Exploring eco-villages in Finland


By Siri Pisters

A few weeks ago I officially visited my first eco community in Finland – Ihala. If I understood correctly, it means something in the direction of bright place. I joined an open community weekend and GEN(Global Ecovillage Network)- Finland gathering at the same time. The group of people attending was small for the simple reason that it is spring in Finland, which means there is usually lots of work to do in and around eco communities. For me a perfect small gathering to slowly get immersed in the ecovillage network in Finland.

IHALA at the moment consists of four adults and three children living in a large communal house that used to serve wood trading purposes. It belongs to the community of Porlammi, just an hour drive from Helsinki. To get an impression of IHALA, they have a nice website .


The opening line on their website says ‘your authentic self in union with all’. This, I learned during the weekend and from all the readings I have done so far for my research, is something that needs to be practiced. As for us, individualized Westerners, we have unlearned how to live in communities and it is scary to get out of our comforting, individualized zones to truly open up to others again.

Getting out of our comfort zones and getting together is however truly powerful in creating new ways of living that are simultaneously improving human health and wellbeing and environmental health and wellbeing. Sustainability and human wellbeing go hand in hand, which I believe is the most powerful point of departure towards regenerating and transforming our societies towards ‘socio-natures’ or human-nonhuman assemblages’[1] that allow for a thriving Earth.

The Friday evening was all about coming together by means of a circle. This is a way of communicating and coming together in groups often used in communities. By sitting together in a circle and passing an object from one person to the other, it is made sure that everyone gets space to talk about what is on their heart at this very moment. Everyone is listened to without being interrupted.

Soon it became clear to me that the ecovillage network in Finland had recently lost someone very dear to them: Heiti, the man of a thousand stories. I came to understand that he was quite a character and meant a lot to the ecovillage network. Have a look at this short movie Man of thousand stories – Tuhannen Tarinan Mies.

The next day I got acquainted with the Finnish concept of ‘Talkoot’ freely translated as ‘gathering for combined work and enjoyment’. So we did. I helped out on the piece of land the community is using to grow some vegetables. The land is not their property, but their neighbors have given it to them to use. Together we did some weeding and prepared pumpkin beds.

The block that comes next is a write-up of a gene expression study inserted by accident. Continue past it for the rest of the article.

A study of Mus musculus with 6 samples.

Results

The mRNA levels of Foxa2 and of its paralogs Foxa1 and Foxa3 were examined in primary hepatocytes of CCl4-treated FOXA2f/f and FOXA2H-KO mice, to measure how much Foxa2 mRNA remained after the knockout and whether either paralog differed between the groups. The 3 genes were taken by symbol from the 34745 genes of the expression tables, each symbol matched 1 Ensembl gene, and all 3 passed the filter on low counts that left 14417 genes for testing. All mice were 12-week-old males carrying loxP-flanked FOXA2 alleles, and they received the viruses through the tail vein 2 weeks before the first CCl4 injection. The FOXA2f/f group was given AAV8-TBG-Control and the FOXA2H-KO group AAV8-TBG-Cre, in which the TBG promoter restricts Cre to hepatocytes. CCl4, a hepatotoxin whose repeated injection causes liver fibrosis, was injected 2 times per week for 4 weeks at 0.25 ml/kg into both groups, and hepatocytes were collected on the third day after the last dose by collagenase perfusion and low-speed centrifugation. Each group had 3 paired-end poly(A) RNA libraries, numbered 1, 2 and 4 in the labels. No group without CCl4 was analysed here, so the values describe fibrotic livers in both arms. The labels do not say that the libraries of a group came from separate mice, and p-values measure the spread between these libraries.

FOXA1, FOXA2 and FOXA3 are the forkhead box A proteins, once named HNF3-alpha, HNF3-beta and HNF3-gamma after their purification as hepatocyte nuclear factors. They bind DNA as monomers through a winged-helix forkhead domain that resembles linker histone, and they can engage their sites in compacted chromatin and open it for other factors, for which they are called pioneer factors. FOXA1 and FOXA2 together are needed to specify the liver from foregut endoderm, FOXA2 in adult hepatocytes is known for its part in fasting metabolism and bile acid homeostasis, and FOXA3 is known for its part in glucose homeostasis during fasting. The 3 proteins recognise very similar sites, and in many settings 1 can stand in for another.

After a nutritious lunch and some sauna, I came to know about the great variety of activities the Finnish eco villagers are involved. From learning how to build houses from sub soil in the UK, to coming back to oneself in nature at a Wildcamp retreat  in Spain, to working with youth in facilitating their search for purpose. Rather than being isolated islands, most ecovillages actively reach out to learn, educate and co-create sustainable practices in numerous ways and in numerous places.


On Sunday Ronski Kosky led us through a process from connecting with ourselves to an authentic connecting with the other. Ronski is ‘a community weaver’: he travels around visiting eco-communities and facilitating processes of community building, including communication and leadership, to help communities to thrive. He is described as ‘dynamic, intuitive, inspiring and personal’. His trainings are based on non-violent communication, the art of touch, yoga and dance. For me it is an interested process and very valuable in my daily life, to learn to ‘tune in’ with myself and from there connecting with the other.

In July, the Luova Kasvo community in Finland will host the Community Leadership workshop – Rising Together, which has been developed by Ronski Kosky.  Unfortunately I’m not able to participate inthis workshop, as I will be in Spain for the yearly conference of the Global Ecovillage Network. More on this conference in July!

[1] These concepts come from authors that seek to go beyond the human-nature dichotomy and aim to understand places as not either society or nature but as complex human-nonhuman assemblages, or socio-natures or eco-cultures. See for example:
Braun, B. (2008). Towards a New Earth and a New Humanity: Nature, Ontology, Politics. In David Harvey (pp. 191–222). Oxford, UK: Blackwell Publishing Ltd.